ROME, ITALY — Qu Dongyu, director-general of the Food and Agriculture Organization (FAO) of the United Nations, on May 21 warned that efforts to control Desert Locusts will take time, noting increased concern for the Sahel and Southwest Asia is adding to the burden of efforts ongoing in the Horn of Africa and Yemen.

Qu was joined by Mark Lowcock, UN undersecretary general and emergency relief coordinator, at a virtual briefing for FAO members, regional organizations, partners, and other stakeholders as the FAO raised its locust appeal to $311.6 million.

“Our gains have been significant, but the battle is long and is spreading to new areas,” Qu said. “It is clear that we cannot declare victory yet. Upsurges of this magnitude are rarely defeated in a few months.”

Qu welcomed the World Bank Group’s establishment of a $500 million program to help countries in Africa and the Middle East combat the impact of locusts and appealed for additional support from other donors and partners.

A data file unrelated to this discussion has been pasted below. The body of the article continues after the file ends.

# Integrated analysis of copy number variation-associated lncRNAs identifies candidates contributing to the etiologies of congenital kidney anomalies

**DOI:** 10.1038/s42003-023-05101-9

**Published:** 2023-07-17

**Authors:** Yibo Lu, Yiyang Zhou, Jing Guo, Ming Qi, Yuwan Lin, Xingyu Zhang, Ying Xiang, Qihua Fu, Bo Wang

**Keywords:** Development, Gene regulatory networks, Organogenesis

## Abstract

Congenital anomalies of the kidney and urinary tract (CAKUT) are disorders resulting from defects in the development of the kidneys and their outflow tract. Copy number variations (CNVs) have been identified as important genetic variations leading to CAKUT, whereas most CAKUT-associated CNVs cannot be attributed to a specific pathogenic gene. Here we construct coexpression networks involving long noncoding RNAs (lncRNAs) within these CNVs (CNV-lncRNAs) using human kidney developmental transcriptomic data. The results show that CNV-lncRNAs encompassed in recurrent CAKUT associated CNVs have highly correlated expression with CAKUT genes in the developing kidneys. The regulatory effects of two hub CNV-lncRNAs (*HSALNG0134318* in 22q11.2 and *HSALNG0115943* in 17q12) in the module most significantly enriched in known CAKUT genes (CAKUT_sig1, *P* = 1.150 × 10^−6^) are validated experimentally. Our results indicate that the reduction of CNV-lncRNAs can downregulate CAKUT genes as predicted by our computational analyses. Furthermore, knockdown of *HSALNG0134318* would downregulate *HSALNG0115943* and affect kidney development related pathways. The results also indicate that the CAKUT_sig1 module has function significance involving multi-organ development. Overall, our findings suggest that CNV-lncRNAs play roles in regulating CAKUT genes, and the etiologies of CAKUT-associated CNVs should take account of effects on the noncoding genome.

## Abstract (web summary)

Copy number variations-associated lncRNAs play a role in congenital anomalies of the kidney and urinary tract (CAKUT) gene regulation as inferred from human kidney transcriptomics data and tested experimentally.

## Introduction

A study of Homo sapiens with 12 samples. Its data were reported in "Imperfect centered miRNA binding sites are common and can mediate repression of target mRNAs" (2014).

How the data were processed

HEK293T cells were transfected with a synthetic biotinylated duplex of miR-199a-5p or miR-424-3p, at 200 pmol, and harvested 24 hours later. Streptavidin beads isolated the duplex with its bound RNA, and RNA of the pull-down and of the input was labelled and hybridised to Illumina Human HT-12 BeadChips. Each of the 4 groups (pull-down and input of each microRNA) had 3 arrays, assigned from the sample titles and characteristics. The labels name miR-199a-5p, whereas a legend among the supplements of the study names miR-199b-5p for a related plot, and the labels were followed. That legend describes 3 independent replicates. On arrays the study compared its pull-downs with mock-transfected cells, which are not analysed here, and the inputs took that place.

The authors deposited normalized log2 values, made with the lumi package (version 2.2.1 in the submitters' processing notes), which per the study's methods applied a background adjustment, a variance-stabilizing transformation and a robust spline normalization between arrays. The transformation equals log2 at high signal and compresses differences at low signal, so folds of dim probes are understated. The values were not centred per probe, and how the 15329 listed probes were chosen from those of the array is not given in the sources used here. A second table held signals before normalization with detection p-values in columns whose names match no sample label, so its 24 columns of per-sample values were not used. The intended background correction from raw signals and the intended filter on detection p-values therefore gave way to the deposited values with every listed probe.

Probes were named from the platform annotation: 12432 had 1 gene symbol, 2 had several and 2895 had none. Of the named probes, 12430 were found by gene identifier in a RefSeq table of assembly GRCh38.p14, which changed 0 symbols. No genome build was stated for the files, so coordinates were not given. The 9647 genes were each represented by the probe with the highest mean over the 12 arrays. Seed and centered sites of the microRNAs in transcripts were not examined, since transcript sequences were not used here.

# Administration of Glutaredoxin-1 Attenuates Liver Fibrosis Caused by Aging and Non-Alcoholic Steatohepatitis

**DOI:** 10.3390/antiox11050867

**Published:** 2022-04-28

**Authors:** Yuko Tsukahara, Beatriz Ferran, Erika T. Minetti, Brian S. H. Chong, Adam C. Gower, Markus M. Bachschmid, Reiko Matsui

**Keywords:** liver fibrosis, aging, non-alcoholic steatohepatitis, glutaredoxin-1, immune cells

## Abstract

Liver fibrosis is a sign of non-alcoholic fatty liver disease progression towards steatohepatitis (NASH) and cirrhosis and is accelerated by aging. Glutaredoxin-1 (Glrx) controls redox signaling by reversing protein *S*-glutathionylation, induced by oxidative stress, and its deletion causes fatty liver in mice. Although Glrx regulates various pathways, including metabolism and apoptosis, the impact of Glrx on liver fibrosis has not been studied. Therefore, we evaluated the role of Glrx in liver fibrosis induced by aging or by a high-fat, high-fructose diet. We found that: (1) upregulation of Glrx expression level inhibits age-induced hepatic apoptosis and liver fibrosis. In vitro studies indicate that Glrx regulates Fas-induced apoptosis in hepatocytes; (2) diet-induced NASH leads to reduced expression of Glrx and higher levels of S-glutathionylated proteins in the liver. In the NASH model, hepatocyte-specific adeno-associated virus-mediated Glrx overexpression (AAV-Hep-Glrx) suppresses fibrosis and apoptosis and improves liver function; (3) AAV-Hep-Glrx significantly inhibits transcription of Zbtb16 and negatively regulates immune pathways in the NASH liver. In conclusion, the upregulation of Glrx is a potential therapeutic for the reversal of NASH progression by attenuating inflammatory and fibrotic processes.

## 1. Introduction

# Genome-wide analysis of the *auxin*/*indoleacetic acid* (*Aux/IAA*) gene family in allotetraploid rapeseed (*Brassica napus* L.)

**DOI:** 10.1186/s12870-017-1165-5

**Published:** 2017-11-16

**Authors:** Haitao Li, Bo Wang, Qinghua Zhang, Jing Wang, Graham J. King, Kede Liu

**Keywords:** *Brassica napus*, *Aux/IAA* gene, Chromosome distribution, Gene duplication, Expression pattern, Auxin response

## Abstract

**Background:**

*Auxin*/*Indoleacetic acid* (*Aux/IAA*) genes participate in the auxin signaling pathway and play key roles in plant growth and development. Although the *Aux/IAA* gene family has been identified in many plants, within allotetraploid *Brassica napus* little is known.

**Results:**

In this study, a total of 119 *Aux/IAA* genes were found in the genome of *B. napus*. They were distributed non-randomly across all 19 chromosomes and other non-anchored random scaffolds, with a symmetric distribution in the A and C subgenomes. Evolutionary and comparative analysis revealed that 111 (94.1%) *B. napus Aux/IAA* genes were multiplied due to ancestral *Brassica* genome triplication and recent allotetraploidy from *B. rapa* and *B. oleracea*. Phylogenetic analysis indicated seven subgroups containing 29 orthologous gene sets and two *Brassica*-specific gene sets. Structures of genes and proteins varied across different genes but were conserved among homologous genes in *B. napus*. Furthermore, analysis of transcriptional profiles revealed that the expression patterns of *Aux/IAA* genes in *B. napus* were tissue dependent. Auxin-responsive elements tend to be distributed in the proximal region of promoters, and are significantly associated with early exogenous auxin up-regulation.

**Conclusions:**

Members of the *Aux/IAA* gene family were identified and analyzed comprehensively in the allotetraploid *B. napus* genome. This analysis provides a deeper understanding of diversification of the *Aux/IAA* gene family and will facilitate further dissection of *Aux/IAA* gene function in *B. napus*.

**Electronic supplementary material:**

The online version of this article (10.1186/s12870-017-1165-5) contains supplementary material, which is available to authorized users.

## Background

Despite control operations, recent heavy rains have created ideal conditions for the pest’s reproduction in several countries. The FAO noted that young juveniles will become voracious adults in June just as farmers begin to harvest, compounding an already bleak food security situation.

“The locusts, combined with the impacts of COVID-19, could have catastrophic consequences on livelihoods and food security,” Qu emphasized.

Forecasts from the recently released Global Report on Food Crises indicated that more than 25 million people will experience acute hunger in Eastern Africa in 2020, and an additional 17 million in Yemen. The COVID-19 pandemic will likely further undermine food security.

The FAO rapidly supported governments in scaling up control activities in January and is launching an urgent appeal to support 10 countries to contain the upsurge and anticipate devastating impacts on livelihoods and food security.

According to estimates, thanks to the campaigns carried out, some 720,000 tonnes of cereal have been saved so far.